TRENTON – In a move that would bring fundamental change to laws and regulations governing notaries public, the Senate passed legislation today that would mandate new requirements concerning qualifications and duties of notarial officers, authorize electronic signatures, and also increase the $25 fee collected by the State Treasurer for each appointment or renewal to $50 for each commission or renewal.
The bill, A-4250 and S-2508, sponsored by Senators Vin Gopal and Linda Greenstein, would offer an array of revisions that would update current statute concerning notaries public and notarial acts, from defining terms such as “electronic signature,” to requiring applications for commission as a notary public to be submitted electronically, to raising the fee to $50 for commission or renewal, and provide that the fee be payable by credit card, debit card or electronic funds transfer.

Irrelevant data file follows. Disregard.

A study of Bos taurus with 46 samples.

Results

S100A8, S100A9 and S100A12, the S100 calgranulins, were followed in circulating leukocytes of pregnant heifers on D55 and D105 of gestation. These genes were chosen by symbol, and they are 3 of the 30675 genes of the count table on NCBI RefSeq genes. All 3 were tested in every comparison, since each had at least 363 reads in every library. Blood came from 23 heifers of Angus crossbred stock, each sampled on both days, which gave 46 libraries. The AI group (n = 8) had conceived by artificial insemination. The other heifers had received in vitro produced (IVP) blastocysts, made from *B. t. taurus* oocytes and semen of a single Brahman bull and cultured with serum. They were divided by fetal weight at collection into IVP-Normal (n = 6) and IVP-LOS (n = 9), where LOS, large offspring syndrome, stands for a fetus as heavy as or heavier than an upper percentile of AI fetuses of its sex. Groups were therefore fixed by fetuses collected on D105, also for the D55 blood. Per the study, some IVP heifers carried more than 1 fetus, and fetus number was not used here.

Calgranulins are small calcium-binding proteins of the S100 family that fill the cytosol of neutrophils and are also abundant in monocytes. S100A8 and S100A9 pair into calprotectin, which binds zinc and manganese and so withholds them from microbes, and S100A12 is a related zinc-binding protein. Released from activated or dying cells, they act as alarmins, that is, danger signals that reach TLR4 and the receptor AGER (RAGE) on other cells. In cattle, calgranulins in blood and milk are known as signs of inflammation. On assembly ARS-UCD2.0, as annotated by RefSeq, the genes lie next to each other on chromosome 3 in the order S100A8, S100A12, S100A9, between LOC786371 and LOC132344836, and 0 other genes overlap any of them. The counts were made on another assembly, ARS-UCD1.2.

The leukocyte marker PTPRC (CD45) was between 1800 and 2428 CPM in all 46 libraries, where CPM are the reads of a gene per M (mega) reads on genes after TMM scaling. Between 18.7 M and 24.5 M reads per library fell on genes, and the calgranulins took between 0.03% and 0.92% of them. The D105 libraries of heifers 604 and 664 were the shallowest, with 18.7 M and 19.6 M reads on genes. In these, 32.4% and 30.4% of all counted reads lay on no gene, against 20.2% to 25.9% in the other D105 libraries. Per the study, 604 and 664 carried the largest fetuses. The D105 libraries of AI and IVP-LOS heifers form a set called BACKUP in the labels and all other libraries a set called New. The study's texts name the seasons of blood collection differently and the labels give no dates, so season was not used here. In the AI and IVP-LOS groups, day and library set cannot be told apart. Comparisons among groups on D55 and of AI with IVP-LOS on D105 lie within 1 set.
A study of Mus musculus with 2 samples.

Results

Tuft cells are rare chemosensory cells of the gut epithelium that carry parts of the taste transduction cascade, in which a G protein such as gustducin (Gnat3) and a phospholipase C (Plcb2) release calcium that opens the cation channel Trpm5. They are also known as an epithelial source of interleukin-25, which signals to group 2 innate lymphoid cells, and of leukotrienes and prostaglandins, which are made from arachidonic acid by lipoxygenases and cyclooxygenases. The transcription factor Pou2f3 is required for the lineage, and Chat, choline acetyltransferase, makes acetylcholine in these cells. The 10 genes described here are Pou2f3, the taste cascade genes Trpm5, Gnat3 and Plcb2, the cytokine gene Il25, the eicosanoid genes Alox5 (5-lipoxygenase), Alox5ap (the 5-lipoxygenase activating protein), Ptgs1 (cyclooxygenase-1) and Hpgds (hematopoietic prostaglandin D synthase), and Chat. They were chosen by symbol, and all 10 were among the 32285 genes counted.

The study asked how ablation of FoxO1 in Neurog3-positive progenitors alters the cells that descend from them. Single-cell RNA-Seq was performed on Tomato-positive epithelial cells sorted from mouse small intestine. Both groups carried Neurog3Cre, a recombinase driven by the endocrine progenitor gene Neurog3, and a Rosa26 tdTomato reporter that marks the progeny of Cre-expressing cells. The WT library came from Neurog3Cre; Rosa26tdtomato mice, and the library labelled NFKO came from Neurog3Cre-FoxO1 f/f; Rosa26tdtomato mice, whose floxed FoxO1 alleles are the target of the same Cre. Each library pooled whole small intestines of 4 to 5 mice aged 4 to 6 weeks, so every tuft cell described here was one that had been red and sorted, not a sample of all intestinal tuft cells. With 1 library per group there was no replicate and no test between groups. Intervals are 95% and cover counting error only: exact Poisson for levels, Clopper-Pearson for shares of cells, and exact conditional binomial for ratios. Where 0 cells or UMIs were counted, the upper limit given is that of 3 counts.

“The practice and offices of notaries public and notarial acts have long been in need of revision, under the Revised Uniform Law on Notarial Acts (RULONA),” said Senator Gopal (D-Monmouth). “Several states, including Pennsylvania and Connecticut, have recently updated their laws, and it is time we do the same. This bill seeks to incorporate these long-overdue revisions, as well as to codify other provisions intended to improve notarial process and services.”
As amended, the bill would provide that in order to be commissioned as a notary public, among other provisions a person must be at least 18; must not be disqualified to receive a commission pursuant to other provisions of the bill; or must be a legal resident of the State, have a place of employment or practice in the State, or be an employee of a business with its domicile or primary place of business in the State and perform the employment duties remotely from a home office or a co-working space.
“When it comes to government function and public records, it is important for our notaries public and the way they administer notarial acts to stay updated with current practice,” said Senator Greenstein (D-Middlesex/Mercer). “This long-needed revision to the way notaries are licensed and perform their duties will allow notarial services to be delivered with greater efficiency and convenience to state residents who seek them.”
The bill was released from the Senate by a vote of 38-1 and was sent to the Governor for final approval.